October 19 @ 7:00 pm - 8:30 pm
In the wake of the pandemic, medical debt has become the largest category of debt collections in the United States and the single largest cause of people having to declare bankruptcy. The racial justice and health equity implications of medical debt are staggering. Those struggling with medical debt are less likely to seek the care that they need, while Black DC residents are 300 percent more likely than white residents to be burdened by medical debt. This panel will illuminate the scope and impact of medical debt, particularly on Black, Indigenous and People of Color (BIPOC) residents of the DMV, and discuss ways to eliminate medical debt, both through one-time giving and systemic advocacy. The discussion will highlight how private philanthropy purchasing and eliminating medical debt provides immediate relief to families dealing with the devastating consequences of medical debt, why systemic policy reform to break the cycle of medical debt is needed going forward, and what can be done.
The program will be the kickoff for an exciting Temple Sinai campaign to raise (an initial) $10,000 to eliminate a minimum of $1 million in medical debt.
Light refreshments will be served starting at 6:30 pm.
While we hope you can join us in person, this is a hybrid program that can also be joined virtually.Register
|Berneta L. Haynes is a senior attorney at the National Consumer Law Center who focuses on consumer energy policy and medical debt. Before joining NCLC, she served as a director at Georgia Watch, a state-based consumer advocacy organization in Atlanta. Previously, she practiced law at Environmental Law and Policy Center in Chicago and Southern Environmental Law Center. She earned her Bachelor’s degree in English, Writing, and Psychology from Drury University, her Master’s degree in English from University of Iowa, and her law degree from University of Iowa College of Law. Read more.
|Eva Marie Stahl is the VP of Public Policy at RIP Medical Debt. Eva oversees development and implementation of RIP Medical Debt’s policy work. Prior to RIP, Eva was a leader in the health advocacy community for over a decade as Director of Policy & Partnerships at Community Catalyst. Eva was part of the senior leadership team responsible for developing state and federal policy agenda. She holds a PhD in social policy from the Heller School at Brandeis University and an MPA from the Lyndon B Johnson School of Public Affairs at UT Austin.
|Joseph Geevarghese has been a grassroots organizer for over two decades. He currently serves as the Executive Director of Our Revolution, the grassroots progressive political organization that Bernie Sanders started. Prior to Our Revolution, Joseph was the Executive Director of the labor advocacy group Good Jobs Nation and helped lead the $15 and Union strike movement. From 2002 to 2007, Joseph was the Executive Director of the Hospital Accountability Project in Chicago. Joseph is a graduate of Vanderbilt University, where he studied social movements and religion, and the Georgetown University Law Center.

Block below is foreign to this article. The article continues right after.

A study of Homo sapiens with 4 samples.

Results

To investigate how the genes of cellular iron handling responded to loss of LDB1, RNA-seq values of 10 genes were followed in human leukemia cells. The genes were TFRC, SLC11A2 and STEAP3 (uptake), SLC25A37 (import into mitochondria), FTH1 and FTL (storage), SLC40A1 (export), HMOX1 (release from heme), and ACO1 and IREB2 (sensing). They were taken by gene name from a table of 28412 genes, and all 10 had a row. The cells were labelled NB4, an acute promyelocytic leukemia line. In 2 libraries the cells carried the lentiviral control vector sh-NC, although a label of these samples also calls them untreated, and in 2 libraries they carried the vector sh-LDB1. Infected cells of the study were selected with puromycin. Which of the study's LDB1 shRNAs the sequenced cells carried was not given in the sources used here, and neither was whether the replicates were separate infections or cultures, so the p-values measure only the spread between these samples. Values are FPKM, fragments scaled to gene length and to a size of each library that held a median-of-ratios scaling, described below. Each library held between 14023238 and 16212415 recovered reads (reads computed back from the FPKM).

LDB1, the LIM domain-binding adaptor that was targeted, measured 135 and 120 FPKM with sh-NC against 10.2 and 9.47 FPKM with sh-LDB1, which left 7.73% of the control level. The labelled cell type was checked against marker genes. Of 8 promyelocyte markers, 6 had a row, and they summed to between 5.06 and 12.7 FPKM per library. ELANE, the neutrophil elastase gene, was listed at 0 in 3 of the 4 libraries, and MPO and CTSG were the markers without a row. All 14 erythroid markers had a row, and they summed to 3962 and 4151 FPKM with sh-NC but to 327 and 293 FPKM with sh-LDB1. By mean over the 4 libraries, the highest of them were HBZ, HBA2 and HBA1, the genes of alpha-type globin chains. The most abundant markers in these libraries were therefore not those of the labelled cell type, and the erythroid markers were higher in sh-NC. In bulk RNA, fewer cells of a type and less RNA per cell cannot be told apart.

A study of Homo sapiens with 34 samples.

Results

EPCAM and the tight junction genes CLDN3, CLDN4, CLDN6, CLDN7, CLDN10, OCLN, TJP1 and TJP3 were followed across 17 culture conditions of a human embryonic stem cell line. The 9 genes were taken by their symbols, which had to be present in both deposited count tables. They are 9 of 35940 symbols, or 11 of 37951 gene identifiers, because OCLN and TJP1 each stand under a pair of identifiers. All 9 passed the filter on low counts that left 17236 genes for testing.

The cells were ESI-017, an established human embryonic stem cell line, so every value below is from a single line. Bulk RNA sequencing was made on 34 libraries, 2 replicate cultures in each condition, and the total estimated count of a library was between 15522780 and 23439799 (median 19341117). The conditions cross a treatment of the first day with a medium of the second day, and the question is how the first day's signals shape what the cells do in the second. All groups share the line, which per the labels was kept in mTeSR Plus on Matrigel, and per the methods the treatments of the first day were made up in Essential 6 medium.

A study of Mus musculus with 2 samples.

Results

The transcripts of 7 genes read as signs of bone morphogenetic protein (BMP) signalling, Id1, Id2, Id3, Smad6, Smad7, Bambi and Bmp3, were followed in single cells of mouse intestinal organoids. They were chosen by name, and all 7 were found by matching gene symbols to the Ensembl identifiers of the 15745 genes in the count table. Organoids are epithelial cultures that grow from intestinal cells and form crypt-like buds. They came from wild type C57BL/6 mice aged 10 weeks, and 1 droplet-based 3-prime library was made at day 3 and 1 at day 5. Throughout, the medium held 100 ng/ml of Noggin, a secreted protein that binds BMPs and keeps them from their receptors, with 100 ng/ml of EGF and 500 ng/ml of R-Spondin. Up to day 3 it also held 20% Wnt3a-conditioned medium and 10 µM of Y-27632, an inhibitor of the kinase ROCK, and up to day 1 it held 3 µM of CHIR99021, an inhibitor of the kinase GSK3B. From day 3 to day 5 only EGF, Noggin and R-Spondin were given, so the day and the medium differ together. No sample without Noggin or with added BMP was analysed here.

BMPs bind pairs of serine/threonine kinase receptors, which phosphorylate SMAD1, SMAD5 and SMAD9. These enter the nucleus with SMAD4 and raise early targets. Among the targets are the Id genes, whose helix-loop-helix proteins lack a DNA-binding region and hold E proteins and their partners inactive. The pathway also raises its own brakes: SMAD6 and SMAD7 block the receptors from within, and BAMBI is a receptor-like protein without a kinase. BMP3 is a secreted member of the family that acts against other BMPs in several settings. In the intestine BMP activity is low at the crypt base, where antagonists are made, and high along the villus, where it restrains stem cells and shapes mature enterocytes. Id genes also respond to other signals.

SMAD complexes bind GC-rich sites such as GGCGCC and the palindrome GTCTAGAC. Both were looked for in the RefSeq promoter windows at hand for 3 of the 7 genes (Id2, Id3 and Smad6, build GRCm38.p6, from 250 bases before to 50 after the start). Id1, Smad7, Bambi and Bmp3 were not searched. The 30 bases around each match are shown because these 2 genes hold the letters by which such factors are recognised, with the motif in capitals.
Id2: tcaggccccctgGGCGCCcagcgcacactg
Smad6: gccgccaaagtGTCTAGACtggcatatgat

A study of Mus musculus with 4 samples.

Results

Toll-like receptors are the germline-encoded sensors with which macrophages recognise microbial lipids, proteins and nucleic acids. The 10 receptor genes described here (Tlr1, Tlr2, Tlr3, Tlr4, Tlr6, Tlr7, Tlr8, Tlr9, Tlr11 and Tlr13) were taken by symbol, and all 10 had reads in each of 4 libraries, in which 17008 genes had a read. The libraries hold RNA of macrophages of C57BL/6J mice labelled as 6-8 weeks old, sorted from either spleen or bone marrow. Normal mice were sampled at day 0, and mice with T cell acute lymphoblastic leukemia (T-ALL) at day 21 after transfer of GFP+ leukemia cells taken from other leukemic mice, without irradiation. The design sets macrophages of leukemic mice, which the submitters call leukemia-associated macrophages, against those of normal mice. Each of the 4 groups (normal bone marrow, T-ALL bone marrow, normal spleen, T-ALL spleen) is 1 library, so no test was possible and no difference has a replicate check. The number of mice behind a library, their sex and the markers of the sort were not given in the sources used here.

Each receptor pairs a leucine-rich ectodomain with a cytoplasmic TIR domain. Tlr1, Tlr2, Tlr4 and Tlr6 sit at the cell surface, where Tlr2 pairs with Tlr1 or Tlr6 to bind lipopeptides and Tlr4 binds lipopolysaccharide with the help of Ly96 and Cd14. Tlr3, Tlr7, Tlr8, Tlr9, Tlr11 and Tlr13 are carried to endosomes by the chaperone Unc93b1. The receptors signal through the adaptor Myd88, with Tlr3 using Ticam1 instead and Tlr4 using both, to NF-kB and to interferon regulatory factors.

|Jennifer Holloway is an Equal Justice Works Fellow at Tzedek DC. Her project works to alleviate medical debt in DC. During law school, Jennifer was a legal intern with the Office of the New York State Attorney General’s Health Care Bureau, and worked as a summer law clerk for the National Center for Youth Law. Jennifer received a Bachelor of Arts from Georgetown University, a Master of Social Work degree from Washington University in St. Louis and a Juris Doctor from the University of California, Berkeley. Read more.
|Jonathan Roos has served as Senior Rabbi at Temple Sinai since 2010. He is committed to Jewish social justice work at Temple Sinai and in the wider community. Jonathan was ordained as a rabbi from the Hebrew Union College – Jewish Institute of Religion in 2002. He graduated from the University of Pennsylvania and received a Masters degree in American History from the University of Maryland at College Park. He is a member of the Central Conference of American Rabbis (CCAR) and previously served congregations in Tinton Falls, New Jersey and Albany, New York. Read more.
|Ariel Levinson-Waldman (moderator) is the Founding Director of Tzedek DC. Drawing from the Jewish teachings of “Tzedek, tzedek tirdof,” or “Justice, justice you shall pursue,” Tzedek DC’s mission is to safeguard the legal rights and financial health of DC residents with low incomes dealing with the often devastating consequences of debt collection practices, including helping residents address credit report challenges. Ariel is a nationally and locally recognized public interest lawyer. Read more.
Panelists will be joined by Temple Sinai members Dora Chen and Nancy Liebermann.